LONDON – STMicroelectronics NV and Ericsson AB have agreed to break up their 50:50 mobile phone chip joint venture. The two companies had been looking for a "strategic solution" for the joint venture for several months.
Ericsson (Stockholm) will take back the LTE 2G-through-4G multimode modem technology while ST (Geneva) will take control of the existing ST-Ericsson products excluding the LTE multimode thin modem ICs and certain assembly and test operations.
The two companies have agreed to try and sell off the connectivity business separately, which employs approximately 200 people, and close down the remaining parts of ST-Ericsson.
As a result it is expected that Ericsson will assume responsibility for approximately 1,800 employees and contractors mainly in Sweden, Germany, India and China while ST is set to takeover about 950 employees, primarily in France and in Italy.
ST-Ericsson employs about 5,000 staff according to its website with the implication that up to half that number could be losing their jobs. ST-Ericsson said it would carry out a restructuring of its current operations which could impact some 1,600 employees worldwide of which between 500 and 700 are in Europe.
The break-up is due to be completed before the end of the third quarter of 2013, a target date for achieving a resolution previously set by ST. ST said it expects to incur cash costs, including the covering of ST-Ericsson’s ongoing operations during the transition period and its restructuring costs, in the range of approximately $350 million to $450 million, slightly less than the previously provisioned $500 million the end of January 2013. As previously communicated, Ericsson has made provisions of 3.3 billion Swedish krona (about $500 million) to cover costs related to the implementation of the strategic option.
It was also announced that Carlo Ferro has been appointed president and CEO of ST-Ericsson, effective April 1, 2013, to succeed Didier Lamouche who, recently announced he was standing down to pursue other opportunities. Ferro is currently chief operating officer of ST-Ericsson.
ST said that the transfer of competencies from ST-Ericsson would strengthen its capabilities in application processors, RF, analog and power and help it address the fast-growing wireless semiconductor market.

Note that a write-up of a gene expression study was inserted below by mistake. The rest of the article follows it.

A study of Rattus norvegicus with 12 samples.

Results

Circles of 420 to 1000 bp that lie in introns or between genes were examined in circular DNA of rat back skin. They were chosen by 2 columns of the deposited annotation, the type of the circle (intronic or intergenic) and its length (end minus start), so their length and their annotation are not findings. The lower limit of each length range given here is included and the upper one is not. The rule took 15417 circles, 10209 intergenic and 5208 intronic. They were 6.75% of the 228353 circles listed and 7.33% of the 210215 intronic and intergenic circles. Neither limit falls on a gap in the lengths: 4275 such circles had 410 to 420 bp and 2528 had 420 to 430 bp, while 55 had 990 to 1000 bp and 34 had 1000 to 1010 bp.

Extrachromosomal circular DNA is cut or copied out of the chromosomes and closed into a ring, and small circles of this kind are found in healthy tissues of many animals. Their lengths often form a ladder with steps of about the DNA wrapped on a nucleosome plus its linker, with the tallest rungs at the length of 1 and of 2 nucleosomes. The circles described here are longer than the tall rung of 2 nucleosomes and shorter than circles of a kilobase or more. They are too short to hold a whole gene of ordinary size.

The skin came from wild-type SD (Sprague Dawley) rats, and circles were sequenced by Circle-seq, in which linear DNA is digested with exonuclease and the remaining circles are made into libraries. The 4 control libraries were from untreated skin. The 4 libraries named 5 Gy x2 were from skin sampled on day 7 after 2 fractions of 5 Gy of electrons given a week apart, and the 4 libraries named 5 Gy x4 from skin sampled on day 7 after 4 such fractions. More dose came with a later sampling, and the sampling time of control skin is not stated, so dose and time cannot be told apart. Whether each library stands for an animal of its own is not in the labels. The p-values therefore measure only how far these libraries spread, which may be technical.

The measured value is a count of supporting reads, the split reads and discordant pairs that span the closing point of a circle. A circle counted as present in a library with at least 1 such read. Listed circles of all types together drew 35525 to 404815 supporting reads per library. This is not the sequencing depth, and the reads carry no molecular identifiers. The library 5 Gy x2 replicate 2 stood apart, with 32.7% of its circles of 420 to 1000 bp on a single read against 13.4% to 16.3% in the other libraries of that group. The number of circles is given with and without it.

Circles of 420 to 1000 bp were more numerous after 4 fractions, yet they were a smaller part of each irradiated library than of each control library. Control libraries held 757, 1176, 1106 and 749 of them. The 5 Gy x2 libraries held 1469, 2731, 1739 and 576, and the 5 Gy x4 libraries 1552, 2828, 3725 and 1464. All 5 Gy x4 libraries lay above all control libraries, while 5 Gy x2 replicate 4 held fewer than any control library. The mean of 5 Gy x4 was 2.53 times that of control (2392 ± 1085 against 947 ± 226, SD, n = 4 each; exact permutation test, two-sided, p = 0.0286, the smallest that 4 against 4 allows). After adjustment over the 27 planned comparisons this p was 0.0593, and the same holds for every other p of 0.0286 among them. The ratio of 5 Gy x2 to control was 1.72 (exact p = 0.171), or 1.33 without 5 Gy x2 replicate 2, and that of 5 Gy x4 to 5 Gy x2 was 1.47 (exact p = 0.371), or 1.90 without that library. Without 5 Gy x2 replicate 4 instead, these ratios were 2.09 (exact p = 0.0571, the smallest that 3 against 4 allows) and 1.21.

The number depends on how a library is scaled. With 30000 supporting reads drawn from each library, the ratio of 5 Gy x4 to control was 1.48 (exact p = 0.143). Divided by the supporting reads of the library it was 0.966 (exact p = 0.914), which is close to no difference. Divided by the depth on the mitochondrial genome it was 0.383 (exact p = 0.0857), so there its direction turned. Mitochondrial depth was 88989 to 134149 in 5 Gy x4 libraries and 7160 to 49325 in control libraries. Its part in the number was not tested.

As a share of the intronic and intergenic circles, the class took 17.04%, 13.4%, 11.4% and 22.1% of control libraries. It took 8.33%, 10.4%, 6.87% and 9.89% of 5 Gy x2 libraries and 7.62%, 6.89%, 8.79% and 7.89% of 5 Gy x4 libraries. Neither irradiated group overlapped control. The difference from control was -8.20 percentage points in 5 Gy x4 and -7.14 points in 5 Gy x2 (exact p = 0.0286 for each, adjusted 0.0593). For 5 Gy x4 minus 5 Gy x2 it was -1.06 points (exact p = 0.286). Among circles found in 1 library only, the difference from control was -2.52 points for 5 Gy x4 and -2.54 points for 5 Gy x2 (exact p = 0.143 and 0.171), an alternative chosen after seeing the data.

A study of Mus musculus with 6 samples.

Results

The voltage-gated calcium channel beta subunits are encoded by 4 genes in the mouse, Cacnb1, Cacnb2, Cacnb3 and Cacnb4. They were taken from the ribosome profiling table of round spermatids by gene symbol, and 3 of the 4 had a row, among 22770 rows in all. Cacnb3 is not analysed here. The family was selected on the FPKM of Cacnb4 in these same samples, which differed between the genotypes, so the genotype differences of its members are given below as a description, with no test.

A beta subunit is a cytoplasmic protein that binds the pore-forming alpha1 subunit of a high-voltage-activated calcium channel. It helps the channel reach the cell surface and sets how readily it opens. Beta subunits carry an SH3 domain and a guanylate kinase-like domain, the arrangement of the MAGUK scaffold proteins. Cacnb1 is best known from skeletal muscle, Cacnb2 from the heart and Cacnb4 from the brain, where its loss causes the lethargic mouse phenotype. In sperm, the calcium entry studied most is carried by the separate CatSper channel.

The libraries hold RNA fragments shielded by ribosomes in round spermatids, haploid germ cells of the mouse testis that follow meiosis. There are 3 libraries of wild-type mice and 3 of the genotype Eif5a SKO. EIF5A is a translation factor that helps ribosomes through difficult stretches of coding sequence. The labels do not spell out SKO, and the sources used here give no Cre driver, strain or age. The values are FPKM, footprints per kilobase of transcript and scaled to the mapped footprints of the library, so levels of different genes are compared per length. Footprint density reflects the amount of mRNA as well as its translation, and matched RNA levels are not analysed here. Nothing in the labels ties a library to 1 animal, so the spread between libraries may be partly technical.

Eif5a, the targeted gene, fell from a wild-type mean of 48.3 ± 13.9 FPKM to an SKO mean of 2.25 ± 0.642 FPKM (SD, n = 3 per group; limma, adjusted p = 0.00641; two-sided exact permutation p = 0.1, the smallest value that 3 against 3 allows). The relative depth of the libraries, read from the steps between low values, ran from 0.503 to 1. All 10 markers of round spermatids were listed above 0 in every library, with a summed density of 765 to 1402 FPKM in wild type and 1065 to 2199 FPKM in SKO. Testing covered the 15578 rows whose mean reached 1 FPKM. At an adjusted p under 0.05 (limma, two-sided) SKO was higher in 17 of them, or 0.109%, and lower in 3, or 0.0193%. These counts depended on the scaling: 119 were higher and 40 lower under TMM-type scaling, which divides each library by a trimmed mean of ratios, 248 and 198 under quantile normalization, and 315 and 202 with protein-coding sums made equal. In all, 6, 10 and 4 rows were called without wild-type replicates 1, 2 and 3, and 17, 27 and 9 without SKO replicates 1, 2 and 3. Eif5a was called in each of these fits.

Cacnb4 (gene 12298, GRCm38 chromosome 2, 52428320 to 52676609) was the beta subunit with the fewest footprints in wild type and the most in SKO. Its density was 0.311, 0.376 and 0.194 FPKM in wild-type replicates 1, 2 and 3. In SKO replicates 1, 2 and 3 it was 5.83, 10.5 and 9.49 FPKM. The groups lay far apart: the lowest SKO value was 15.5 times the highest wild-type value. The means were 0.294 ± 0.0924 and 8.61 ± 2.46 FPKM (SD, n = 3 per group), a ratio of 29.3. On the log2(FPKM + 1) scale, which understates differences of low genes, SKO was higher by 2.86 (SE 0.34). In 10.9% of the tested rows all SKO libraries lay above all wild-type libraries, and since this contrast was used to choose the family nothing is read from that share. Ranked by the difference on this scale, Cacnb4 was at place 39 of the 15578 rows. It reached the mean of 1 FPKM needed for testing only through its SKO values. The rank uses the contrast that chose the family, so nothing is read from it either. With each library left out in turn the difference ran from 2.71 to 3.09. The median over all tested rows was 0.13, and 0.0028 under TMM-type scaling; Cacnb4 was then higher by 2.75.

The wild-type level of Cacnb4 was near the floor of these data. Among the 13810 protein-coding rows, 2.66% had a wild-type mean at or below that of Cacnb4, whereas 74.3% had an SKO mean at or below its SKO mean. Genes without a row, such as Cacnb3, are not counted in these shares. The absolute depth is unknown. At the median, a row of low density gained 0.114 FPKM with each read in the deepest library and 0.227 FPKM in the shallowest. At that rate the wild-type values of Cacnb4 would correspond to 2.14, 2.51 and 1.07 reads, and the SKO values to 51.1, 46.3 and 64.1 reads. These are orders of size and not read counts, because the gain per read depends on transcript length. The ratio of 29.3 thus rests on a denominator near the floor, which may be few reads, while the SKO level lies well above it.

Carlo Bozotti, CEO of ST, said the move would protect ST-Ericsson's business and reinforce relationships with key customers of both ST and ST-Ericsson.
You forgot QCOM. They have a sarong hold on the hi end market. And they are moving aggressively with many designs at the same time to take over the low end market. This will hurt Nvidia and MediaTek.
I don't think ST-Ericsson could match the workforce and resources that QCOM is putting on their developments effort. ST or Ericsson solution will be history very soon unless they find a customer for their solution ...
How is smartphone SoCs a "booming an profitable" market? It is being commoditized and margins is brutally pushed down.
TI has exited, so has Freescale. Marvell is fighting for a hold after loosing RIM. The two largest customers, Apples and Samsung do inhouse designs. At the same time it is beeing attacked from the low end by China players like MediaTek etc.
What a bunch of numpties! How on EARTH could ST-Ericsson fail?? All I can say is that there must be some severe incompetence at the top.
They are in a booming and profitable market. They have everything needed to make excellent products. Sure, they have been unlucky with the lunacy of Nokia and move towards the Samsung/Apple duopoly, but all that is starting to come to and end and competition is returning between mobile phone manufacturers (hence benefiting the horizontal integration business within which ST-Ericsson was involved). If anything, surely now would have been the ideal time to invest in ST-Ericsson instead of collapsing it! Seems to me very short-sighted and perhaps also a symptom of the yearly cycle of the bean-counters, something which I don't think should apply to industries such as semiconductors where it takes more than a year for investment dividends to pay off.
Instead, what we are left with is the complete decimation of European semiconductors, with what should have been the most profitable divisions of ST, Ericsson and Philips/NXP (amongst several other acquisitions) wiped out in one swoop!
While the products as they are go to STMicroelectronics, the LTE modem baseband technology is returning to Ericsson.
I think Ericsson would be in the market to sell it on or invent a licensing business.
Apparently Samsung passed on taking over ST-Ericsson as it was. What about after the split?
App processors are a dime a dozen but proven LTE basbands are pretty rare.. There is at least one company with deep pockets who might need one...
How locked in would ST-Es designs be to STs fab processes?
David Patterson, known for his pioneering research that led to RAID, clusters and more, is part of a team at UC Berkeley that recently made its RISC-V processor architecture an open source hardware offering. We talk with Patterson and one of his colleagues behind the effort about the opportunities they see, what new kinds of designs they hope to enable and what it means for today’s commercial processor giants such as Intel, ARM and Imagination Technologies.